The dollar substantially shed earlier losses to trade above ¥112 in Tokyo late Wednesday, helped by a rise in Shanghai stock prices.
At 5 p.m., the dollar stood at ¥112.10-11, down slightly from ¥112.13-13 at the same time Tuesday. The euro was at $1.0997-0997, down from $1.1037-1037, and at ¥123.28-29, down from ¥123.76-77.
The greenback hovered on a weak tone around ¥112 in the early morning after risk aversion grew following oil and stock price falls in Europe and the United States overnight.
The U.S. currency soon shot to ¥111.80, sending the benchmark 225-issue Nikkei stock average lower just after the opening.
In midmorning trade, it temporarily returned to the ¥112 line, backed by a Nikkei rebound and purchases by Japanese importers.
It dropped below ¥111.70 in the afternoon as the Nikkei’s losses grew, but showed resilience in returning to around ¥112.20 in late trading on the back of gains in Shanghai stocks.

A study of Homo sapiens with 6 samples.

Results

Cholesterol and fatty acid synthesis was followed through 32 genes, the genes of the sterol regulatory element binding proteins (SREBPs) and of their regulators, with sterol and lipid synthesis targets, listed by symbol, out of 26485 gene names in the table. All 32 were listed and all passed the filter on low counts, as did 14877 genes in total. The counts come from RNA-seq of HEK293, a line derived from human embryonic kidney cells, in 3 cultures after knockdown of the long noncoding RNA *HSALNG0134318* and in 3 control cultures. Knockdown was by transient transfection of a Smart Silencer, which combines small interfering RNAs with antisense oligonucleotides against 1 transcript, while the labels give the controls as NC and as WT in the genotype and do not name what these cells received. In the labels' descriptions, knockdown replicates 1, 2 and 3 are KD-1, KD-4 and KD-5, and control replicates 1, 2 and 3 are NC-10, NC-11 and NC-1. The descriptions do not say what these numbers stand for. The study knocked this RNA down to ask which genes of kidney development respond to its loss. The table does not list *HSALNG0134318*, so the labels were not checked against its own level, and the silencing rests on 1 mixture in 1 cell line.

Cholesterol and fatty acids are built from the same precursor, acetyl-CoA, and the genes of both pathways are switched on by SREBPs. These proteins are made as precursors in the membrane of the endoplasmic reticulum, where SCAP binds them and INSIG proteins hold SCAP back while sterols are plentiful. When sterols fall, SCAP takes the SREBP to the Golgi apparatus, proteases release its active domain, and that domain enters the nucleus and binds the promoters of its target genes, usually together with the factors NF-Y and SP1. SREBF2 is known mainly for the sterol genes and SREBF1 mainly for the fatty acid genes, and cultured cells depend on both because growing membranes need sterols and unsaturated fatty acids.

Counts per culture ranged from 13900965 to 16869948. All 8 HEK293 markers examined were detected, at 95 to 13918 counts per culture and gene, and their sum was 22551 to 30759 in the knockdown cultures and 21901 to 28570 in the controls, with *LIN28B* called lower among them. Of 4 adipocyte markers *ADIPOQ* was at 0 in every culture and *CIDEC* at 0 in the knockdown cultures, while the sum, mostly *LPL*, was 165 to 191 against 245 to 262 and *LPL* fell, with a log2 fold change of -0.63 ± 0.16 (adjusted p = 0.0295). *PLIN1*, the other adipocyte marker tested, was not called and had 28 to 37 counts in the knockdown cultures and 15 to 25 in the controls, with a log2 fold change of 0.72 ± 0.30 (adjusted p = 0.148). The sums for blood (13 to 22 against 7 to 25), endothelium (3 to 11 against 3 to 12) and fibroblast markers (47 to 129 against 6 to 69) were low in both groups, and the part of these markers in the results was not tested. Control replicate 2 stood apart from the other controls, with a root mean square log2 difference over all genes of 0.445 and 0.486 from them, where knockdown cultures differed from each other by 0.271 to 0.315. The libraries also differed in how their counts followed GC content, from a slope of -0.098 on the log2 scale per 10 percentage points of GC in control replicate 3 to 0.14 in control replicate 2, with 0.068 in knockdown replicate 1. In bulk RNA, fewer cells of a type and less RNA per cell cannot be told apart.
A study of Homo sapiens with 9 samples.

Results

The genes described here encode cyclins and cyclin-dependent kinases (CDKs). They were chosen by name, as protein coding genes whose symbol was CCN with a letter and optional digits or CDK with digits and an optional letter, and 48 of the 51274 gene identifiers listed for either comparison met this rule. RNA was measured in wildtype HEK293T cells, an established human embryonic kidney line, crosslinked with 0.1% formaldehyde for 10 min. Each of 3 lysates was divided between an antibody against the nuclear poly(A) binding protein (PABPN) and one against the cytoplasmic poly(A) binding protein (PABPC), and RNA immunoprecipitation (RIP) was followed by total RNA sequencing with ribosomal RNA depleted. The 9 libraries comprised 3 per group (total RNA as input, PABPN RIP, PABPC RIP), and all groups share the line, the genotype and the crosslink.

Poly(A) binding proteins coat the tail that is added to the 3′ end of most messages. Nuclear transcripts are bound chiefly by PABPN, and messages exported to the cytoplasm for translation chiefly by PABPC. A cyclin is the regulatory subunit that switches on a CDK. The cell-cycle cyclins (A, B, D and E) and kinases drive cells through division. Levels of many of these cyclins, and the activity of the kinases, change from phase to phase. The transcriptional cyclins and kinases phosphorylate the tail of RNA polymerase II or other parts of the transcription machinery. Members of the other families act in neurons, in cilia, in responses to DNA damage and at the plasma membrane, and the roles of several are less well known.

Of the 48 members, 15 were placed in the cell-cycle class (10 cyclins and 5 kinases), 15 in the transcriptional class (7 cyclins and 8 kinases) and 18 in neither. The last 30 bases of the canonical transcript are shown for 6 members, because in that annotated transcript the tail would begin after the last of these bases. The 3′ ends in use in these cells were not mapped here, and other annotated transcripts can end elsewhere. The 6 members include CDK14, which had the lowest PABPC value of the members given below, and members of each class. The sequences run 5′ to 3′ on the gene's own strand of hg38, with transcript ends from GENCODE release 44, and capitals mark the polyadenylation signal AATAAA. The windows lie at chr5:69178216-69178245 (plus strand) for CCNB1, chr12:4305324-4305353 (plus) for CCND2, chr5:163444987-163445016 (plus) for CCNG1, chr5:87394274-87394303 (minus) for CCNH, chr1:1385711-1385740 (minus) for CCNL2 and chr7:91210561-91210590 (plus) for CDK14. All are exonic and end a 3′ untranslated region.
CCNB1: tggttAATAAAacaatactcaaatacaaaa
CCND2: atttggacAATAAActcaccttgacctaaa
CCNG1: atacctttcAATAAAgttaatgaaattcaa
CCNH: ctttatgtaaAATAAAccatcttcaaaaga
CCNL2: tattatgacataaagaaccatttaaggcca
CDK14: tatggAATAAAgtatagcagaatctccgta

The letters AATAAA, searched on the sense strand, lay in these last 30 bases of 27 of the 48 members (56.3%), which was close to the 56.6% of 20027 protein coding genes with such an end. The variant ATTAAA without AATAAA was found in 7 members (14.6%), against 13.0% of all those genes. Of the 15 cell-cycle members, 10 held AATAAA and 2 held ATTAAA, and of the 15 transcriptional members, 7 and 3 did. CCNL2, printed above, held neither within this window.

Remarks by Bank of Japan Gov. Haruhiko Kuroda in the afternoon lifted expectations for additional easing by the central bank in March, lifting the dollar against the yen.
“The market was in no mood to test the dollar’s downside actively” ahead of a two-day meeting of the Group of 20 finance ministers and central bank chiefs in Shanghai from Friday, a foreign exchange broker said.
The dollar’s downside versus the yen was underpinned by “caution about verbal interventions by Japanese authorities warning against a further advance of the yen,” said an official at a currency margin trading service provider.
The euro retreated versus the yen and dollar as concern over Britain’s possible separation from the European Union continued to stoke risk-averse sentiment.